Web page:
If you are considering getting a central vacuum system installed in your new home, or have moved into a house which has a central vacuum system, you may want to know how it works.

This post gives an overview of how a vacuum system works, and how you can use it to help you make the best use of the installation. Many times, when we do not use something, especially when it seems complex, it lies unused and gathers dust.

Whether you’ve moved into a home with a central vacuum system already installed, are considering installing one, or simply want to learn more about how a central vacuum works, this overview should help you better understand it and make the most of this versatile system to keep your home in tip-top shape.

Central vacuum – what you should know:

Know your system:

First, understand the layout of your central vacuum system for the home. It is a semi-permanent fixture, with ports, vacuum inlets or vacuum floorboards located at fixed locations. Know where these locations are.

If you are getting it installed in your home which is under construction, you have the option of getting these inlets, ports and boards installed at concealed or strategic locations – like under the staircase, where debris and dirt can be swept off for drainage, or in the utility cabinet or workplace.

You can have a water drain directly into the garden, or set up separate drainages for organic and inorganic wastes so that organic waste goes into the composting pit.

Understand the workflow

Once you get a hang of the system, it is as easy as 1 2 3. If you know where the inlet ports, are and where the drainage or collection pans are, all you have to do is flick a switch, pull out the hose and start vacuuming.

Some systems have retractable hoses that you can pull out of the ports, and others have common hoses that you need to plug into the port that connects to the central vacuum line.

Also, know the different attachments and accessories that come with your vacuum system. You may need to use brushes or other cleaning tools – different for dust, liquid, oil or caked grime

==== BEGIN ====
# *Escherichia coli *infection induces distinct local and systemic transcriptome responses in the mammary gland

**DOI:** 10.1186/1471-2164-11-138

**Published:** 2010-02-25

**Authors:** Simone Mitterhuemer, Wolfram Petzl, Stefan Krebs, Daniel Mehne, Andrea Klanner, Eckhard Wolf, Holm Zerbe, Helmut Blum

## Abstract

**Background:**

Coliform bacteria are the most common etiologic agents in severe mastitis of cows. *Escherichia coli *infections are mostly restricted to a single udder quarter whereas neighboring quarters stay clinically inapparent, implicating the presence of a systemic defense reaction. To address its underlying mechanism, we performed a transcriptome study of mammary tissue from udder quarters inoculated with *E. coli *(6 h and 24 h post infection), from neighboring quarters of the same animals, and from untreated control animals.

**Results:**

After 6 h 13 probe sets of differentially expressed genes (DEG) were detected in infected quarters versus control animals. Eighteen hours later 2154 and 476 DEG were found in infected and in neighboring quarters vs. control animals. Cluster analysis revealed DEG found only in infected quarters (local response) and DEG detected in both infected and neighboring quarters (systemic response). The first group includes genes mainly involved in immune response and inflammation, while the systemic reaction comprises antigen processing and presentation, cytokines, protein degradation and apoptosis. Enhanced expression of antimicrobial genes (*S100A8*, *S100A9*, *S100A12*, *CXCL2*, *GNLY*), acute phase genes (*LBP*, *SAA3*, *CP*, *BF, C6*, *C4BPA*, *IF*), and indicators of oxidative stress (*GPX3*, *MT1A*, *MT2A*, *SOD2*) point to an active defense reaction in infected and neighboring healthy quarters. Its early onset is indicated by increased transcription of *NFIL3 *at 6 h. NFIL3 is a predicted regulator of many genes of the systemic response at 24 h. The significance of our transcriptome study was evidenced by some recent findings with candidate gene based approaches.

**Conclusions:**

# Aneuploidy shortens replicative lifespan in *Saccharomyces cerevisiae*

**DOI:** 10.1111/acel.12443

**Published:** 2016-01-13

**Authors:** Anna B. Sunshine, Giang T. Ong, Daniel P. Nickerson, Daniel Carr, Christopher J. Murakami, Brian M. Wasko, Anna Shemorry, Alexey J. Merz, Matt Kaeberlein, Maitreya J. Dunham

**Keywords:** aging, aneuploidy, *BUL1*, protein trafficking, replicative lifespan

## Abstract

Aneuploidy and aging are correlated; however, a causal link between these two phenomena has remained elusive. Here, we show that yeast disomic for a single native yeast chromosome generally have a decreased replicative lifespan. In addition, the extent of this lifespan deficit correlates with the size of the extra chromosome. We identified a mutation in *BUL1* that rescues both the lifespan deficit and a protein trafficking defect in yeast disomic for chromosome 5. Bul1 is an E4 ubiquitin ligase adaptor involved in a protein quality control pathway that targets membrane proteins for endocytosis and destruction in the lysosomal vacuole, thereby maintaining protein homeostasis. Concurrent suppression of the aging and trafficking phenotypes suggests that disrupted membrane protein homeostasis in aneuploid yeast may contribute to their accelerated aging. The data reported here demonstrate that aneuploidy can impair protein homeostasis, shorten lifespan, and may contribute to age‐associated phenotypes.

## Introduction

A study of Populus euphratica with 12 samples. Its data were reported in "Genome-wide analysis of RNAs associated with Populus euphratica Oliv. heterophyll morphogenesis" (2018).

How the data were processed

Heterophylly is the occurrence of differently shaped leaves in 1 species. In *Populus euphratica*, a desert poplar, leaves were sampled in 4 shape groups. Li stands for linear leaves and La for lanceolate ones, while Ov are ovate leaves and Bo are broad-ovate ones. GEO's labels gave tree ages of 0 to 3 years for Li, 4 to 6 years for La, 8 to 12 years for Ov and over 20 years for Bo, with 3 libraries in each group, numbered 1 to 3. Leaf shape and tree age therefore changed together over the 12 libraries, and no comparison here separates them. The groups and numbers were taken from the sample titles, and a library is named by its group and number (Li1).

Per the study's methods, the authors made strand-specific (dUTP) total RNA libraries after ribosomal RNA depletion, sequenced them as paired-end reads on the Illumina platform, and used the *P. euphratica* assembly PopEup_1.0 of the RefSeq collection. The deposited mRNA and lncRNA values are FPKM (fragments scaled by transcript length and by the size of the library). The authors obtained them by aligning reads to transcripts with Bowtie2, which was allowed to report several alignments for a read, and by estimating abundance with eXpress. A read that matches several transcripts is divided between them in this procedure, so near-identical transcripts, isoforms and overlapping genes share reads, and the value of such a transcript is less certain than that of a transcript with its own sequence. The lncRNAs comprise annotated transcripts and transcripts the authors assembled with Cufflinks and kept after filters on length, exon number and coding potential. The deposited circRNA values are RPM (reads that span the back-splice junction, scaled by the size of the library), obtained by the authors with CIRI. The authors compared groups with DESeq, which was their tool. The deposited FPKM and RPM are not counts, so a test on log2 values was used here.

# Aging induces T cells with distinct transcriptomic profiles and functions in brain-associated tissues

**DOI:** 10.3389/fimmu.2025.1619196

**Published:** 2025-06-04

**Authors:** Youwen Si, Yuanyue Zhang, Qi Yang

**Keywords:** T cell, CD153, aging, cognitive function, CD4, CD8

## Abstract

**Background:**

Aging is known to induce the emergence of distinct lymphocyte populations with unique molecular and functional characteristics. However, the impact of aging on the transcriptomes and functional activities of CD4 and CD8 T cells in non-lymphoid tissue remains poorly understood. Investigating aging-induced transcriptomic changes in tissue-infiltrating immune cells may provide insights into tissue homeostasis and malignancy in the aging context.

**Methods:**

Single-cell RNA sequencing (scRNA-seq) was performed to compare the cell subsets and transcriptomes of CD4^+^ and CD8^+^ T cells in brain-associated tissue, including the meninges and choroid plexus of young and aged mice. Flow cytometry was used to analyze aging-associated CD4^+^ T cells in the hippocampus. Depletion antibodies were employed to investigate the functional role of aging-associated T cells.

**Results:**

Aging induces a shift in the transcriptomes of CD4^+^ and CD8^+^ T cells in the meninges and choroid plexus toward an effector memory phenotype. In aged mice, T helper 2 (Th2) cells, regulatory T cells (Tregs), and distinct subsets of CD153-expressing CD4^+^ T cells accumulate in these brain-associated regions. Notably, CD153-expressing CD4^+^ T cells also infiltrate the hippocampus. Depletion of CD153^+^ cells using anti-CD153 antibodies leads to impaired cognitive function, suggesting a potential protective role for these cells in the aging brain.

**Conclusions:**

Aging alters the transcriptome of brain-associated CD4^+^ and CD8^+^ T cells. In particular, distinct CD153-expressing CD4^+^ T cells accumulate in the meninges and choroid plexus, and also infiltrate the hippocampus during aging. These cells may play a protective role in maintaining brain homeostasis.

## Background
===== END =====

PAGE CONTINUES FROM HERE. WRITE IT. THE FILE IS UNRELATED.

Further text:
How do you clean surfaces?

Cleaning Floors or hard surfaces:

Central vacuum systems work best on large areas with few obstacles. Hardwood, tiles, cemented floors or stone can be cleaned in a jiffy of dirt, dust, pet and human hair. If you have a tiled floor, the grooves that catch grime can be brushed off by using the suction hose with a gentle brush attachment. A few systems can clean and mop the floor at the same time.

Carpet cleaning:

Attachments like a beater brush can be used for carpeted floors or dhurries. These are attachments with revolving brushes, similar to the ones you see on road cleaners.

These function with hard bristles that revolve, which separate the thicker fibres of plush carpets, and the suction picks up the dust, and debris that settles into the carpet.

In case of spills and stains, the vacuum head also helps with a scrubbing action, so that soap and water is picked up into drainage.

A good hack is to saturate the carpet with baking soda so that any unpleasant odours and moisture are absorbed by the baking soda. Once it soaks up all the unwanted grime, dust and liquid spill, it can easily be vacuumed.

Similarly, another attachment called the air-driven beater brush works in the opposite way. It does not pick up, but drives air out, acting like a blow dryer. You can use this like an electrical power brush.

Upholstery cleaning:

Upholstery can be tricky to clean. Unlike linen, they are less frequently changed and gather dust, fungi and pollen, especially in areas up high. Start cleaning the highest points like draperies or curtains. You can then clean sofas, mattresses and other upholstery. Use a dusting brush attachment at the end of the hose wand. Heard-to-reach places can be cleaned easily with other attachments like crevice brushes or special wands

Proper Storage of attachments and Accessories

A lot of damage to the equipment results from improper storage and carelessness. Do not leave hoses on the floor or bundled in the garage. Invest in a wire hose hanger. If you have a retractable hose make sure the retraction action works fine. If you use a detachable hose, unplug both ends, loop it up neatly and hang it on a wire hanger.

If you operate an industrial central vacuum system that requires a wide range of accessories and attachments get a caddy or hang board like the one you use for tools. They will have lesser wear and tear and last longer.

To conclude..

Most times, we refrain from using a large appliance since we are unaware of all its features or functionalities. Knowing how they can help us make our lives comfortable and convenient, and trying it once will acquaint us with the procedure. Further taking care of the equipment through small steps, and basic things goes a long way in improving equipment longevity.